The incendiary anti-Modernist AJ Munnings, now regarded as one of Britain’s most sought-after artists, is at the heart of the complex love triangle, involving the young aspiring painter Florence Carter-Wood and Gilbert Evans, the land agent in charge of the Lamorna estate.
Though romantic period dramas sit within an unambitious corner of filmmaking, good ones have a timeless quality that wear their natural conservatism well, like a hot mug of tea or a cosy old jumper. Adapted from a novel based on a real life series of events that occurred in Cornwall just before the First World War, Summer in February brings a fascinating little corner of art and Edwardian history to life. The tale follows the exploits of an outcrop of the Newlyn School artists, who settled in the remote coastal village Lamorna in order to live freely beyond the confines of the stuffy London art scene.
Despite the Downton Abbey time period and presence of Downton alumni Dan Stevens, giddy hedonism is at the fore: artists and muses frolic naked on the windswept beaches, lovers bedhop and ale-fuelled poetry recitals are preferred over more measured forms of conversation. These bohemian goings-on hold immediate appeal for Florence Carter-Woods (Emily Browning of Sucker Punch) a beautiful and flighty girl who abandons society life and an unwanted fiance in order to pursue her artistic ambitions on the west coast.
Her radiant gorgeousness wins her the affections of frightfully decent military man Gilbert (Dan Stevens), but her search for an artistic mentor brings her quickly into the heart of the group, where talented impressionist painter Alfred ‘AJ’ Munnings (who went on to helm the Royal Academy, no less) holds court. He casts her as his muse and overrules her objection to sitting for portraits; soon her own work is similarly relegated. The woods, cliffs and beaches of Cornwall that start off as a studio for Florence rapidly diminish into a backdrop for her looks, and despite her meek efforts to temper AJ’s domineering traditionlism, things go downhill from there.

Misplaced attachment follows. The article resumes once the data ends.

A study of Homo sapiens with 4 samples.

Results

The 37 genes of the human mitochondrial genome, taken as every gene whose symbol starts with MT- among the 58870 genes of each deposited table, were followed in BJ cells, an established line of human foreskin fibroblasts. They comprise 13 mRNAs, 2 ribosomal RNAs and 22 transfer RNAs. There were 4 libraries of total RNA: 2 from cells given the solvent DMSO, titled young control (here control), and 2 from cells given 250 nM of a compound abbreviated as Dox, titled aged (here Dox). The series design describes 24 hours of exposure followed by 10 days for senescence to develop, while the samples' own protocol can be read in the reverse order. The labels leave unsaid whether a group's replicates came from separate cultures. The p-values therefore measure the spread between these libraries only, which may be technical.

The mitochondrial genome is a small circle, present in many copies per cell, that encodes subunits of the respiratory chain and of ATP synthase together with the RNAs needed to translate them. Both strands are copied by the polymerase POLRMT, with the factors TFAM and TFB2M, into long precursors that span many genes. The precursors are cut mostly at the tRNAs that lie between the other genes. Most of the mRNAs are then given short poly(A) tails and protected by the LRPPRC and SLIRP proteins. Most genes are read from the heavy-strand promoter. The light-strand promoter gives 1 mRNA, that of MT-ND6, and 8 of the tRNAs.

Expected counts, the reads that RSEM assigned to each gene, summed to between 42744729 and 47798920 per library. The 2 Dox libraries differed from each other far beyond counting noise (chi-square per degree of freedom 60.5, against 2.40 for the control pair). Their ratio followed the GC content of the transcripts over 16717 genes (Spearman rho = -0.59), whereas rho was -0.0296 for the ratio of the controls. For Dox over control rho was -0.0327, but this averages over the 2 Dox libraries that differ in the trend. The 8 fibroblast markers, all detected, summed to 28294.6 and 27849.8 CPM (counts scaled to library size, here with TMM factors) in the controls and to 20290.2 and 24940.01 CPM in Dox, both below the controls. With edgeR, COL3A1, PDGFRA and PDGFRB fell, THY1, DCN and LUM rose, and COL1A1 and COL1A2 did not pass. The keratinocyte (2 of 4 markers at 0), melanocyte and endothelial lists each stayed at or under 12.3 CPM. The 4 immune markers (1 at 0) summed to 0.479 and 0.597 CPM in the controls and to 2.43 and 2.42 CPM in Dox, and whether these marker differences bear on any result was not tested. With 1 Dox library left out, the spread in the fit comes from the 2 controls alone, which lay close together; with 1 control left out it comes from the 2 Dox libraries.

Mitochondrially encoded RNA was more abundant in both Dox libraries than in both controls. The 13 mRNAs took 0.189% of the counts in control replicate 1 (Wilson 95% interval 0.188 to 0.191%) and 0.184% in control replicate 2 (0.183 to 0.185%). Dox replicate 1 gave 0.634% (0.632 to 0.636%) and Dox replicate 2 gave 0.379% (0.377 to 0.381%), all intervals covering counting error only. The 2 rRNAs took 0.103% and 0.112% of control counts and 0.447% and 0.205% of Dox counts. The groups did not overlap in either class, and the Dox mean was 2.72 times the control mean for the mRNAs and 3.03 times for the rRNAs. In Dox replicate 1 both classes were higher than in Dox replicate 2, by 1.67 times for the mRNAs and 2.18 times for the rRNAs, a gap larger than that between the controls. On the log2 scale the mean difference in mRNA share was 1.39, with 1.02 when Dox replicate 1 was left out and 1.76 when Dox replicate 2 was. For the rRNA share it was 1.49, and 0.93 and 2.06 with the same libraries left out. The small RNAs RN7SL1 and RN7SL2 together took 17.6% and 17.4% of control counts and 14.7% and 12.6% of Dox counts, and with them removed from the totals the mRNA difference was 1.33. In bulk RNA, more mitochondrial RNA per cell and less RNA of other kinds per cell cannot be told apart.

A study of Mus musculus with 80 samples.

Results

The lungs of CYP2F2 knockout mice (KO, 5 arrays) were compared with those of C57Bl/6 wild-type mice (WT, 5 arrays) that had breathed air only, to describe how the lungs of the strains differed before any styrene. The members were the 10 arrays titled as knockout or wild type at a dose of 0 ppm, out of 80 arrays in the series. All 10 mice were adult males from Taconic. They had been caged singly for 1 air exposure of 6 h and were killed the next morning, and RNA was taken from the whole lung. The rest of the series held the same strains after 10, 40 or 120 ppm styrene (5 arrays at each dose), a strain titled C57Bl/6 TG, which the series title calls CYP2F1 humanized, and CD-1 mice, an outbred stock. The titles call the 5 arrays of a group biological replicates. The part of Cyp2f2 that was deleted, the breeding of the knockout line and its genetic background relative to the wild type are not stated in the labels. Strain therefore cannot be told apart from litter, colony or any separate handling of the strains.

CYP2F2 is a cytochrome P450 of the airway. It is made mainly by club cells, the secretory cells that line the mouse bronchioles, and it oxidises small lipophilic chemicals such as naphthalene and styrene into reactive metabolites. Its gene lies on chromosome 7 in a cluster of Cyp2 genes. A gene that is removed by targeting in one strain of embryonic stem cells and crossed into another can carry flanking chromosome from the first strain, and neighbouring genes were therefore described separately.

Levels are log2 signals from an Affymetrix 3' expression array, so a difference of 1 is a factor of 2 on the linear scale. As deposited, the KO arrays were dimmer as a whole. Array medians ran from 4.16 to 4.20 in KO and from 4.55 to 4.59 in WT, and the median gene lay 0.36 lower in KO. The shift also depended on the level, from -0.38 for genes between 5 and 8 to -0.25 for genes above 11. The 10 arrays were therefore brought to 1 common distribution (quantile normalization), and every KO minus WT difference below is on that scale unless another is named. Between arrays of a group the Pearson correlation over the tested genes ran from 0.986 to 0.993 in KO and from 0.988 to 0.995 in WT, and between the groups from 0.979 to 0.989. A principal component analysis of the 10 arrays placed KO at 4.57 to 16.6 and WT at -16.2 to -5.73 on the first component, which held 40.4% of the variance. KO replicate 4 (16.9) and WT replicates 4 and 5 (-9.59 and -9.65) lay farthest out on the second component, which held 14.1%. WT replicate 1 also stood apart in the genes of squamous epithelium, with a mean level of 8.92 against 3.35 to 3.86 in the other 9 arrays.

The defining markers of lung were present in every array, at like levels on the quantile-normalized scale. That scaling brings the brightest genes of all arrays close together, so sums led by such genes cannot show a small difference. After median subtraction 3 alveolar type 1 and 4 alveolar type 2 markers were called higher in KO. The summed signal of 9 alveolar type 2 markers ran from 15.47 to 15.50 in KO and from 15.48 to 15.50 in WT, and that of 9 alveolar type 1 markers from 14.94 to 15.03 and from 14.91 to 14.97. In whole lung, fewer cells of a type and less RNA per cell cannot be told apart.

Though clearly a complex and magnetic woman, the real Florence Carter-Woods left no clues to her inner life and the growing emotional instability of her character is inexpertly handled in the third act, where her motivations become increasingly obtuse. Melodrama abounds, but this is more a fault with the script than the cast, who all turn in excellent performances. Dominic Cooper’s shouty AJ Munnings is perhaps only the latest in a long line of chippy cads (see also Tamara Drewe, History Boys, An Education, Starter For 10) but his character has depth despite his unpleasantness and Cooper’s vigour makes an interesting foil for Browning’s porcelain fragility.
Summer in February shares a great deal in common with 2008’s The Edge of Love – the destructive love of a drunken tortured artist-poet, looming war, wild British scenery, uneven plotting – but carries it all with a bit more modesty, and therefore charm. It does a good job of enlarging upon class tensions within the art world and the ugly undercurrents of muse/artist dynamics, and though these themes won’t hold the attention of everyone, this is a picturesque film for connoisseurs of the subtle pleasures that can be found in early 20th century art history (or, indeed, tea and knitwear).